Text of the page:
Stantons & Bordens on the Newport River

The Geo. L. Morton Co., Manufacturers of Spirits Turpentine, Rosin, Pitch
Wilmington, North Carolina about 1888
(This image is posted as an example of what a mill would have looked like. It may be a coincidence that this one was partially owned by George L. Morton - don't know, as of now, if there is a relation here)

Miss Annie Morton's roots on her mother's side go back to Henry Stanton 1688, who came to the Newport River area of Carteret County about 1732. Minnie Stanton was the daughter of Josephine Marshall and Benjamin Franklin Stanton born in 1830 on Core Sound. Benjamin was the g-g-g grandson of Henry Stanton 1688 who came to the area with the Bordens and other Quakers from Newport, RI. They had mills and boatbuilding facilities on both sides of the Newport.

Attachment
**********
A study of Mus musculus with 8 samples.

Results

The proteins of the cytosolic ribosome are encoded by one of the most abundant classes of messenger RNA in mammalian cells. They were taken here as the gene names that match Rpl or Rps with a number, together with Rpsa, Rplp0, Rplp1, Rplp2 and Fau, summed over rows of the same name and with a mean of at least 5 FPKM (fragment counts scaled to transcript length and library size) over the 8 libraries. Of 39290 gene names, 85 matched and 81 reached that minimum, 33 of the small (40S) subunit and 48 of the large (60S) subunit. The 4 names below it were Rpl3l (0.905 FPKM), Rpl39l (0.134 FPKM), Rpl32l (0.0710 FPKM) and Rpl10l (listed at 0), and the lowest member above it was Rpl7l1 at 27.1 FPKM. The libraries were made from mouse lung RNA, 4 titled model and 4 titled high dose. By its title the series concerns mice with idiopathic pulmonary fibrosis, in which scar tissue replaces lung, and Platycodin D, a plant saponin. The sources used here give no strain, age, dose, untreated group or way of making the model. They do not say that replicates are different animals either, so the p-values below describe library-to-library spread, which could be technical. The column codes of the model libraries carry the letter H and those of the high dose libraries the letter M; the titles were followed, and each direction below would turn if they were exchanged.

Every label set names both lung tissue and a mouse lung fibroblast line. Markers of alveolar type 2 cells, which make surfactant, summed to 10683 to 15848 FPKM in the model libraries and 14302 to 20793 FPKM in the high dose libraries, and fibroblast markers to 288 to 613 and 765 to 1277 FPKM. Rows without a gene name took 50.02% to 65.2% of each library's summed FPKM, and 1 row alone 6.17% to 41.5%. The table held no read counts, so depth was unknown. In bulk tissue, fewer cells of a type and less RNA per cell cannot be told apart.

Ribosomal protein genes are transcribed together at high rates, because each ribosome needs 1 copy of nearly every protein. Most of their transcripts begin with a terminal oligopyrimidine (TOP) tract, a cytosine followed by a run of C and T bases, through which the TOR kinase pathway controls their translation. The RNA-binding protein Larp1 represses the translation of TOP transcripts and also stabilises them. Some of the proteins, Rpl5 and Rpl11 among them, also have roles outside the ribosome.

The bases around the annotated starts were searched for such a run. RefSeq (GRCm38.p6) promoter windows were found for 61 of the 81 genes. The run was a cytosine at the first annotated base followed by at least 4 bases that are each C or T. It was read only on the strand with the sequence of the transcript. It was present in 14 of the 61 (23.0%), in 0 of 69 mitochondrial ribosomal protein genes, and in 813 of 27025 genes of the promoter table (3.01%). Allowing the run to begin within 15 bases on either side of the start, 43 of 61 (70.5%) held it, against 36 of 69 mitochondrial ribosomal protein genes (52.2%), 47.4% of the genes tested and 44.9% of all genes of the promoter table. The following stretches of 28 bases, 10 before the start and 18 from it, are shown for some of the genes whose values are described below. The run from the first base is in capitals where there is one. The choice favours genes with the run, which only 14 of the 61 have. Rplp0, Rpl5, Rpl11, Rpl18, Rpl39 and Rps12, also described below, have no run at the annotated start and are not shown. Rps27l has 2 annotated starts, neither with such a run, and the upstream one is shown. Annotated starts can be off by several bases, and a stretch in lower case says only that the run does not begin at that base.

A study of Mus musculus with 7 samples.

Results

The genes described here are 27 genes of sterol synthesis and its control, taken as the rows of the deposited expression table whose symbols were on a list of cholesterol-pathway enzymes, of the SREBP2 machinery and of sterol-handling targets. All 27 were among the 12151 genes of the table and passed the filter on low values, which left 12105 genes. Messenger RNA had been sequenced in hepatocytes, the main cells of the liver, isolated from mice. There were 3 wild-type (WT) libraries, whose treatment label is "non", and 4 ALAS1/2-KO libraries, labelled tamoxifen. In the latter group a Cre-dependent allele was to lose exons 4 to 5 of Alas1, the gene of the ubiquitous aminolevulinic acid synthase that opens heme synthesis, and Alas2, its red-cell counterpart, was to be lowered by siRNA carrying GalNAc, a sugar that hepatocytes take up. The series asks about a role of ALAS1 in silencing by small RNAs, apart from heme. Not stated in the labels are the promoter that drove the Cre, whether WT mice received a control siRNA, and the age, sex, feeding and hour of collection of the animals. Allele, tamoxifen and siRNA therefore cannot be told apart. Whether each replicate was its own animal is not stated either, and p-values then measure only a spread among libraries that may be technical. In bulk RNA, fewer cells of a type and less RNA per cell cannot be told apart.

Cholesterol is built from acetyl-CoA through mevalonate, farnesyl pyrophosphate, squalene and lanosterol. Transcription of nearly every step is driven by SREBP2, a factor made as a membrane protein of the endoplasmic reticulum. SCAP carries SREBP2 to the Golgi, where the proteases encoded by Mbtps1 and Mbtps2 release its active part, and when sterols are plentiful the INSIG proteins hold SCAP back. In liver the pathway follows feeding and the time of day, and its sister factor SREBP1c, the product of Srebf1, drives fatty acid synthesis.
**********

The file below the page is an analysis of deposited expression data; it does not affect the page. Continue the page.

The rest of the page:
- Henry Stanton Sr. ca. 1688-1751 was a boatbuilder who established Quaker Core Sound Meeting. His last will and testament left land to his sons at Swimming Point, Queen’s Creek and Bare Banks.
- William Borden Sr. ca. 1689-1748, one of the foremost shipbuilders of his time, was attracted to the excellence and low cost of lumber in North Carolina. He arrived in 1732 with a group of Quakers from RI, settled on the Newport River and began building vessels—becoming one of the South’s pioneer shipbuilders. William Borden was also widely known for the manufacture of duck used to make sails. Borden was elected a member of NC General Assembly but declined to be sworn in as he was a Quaker.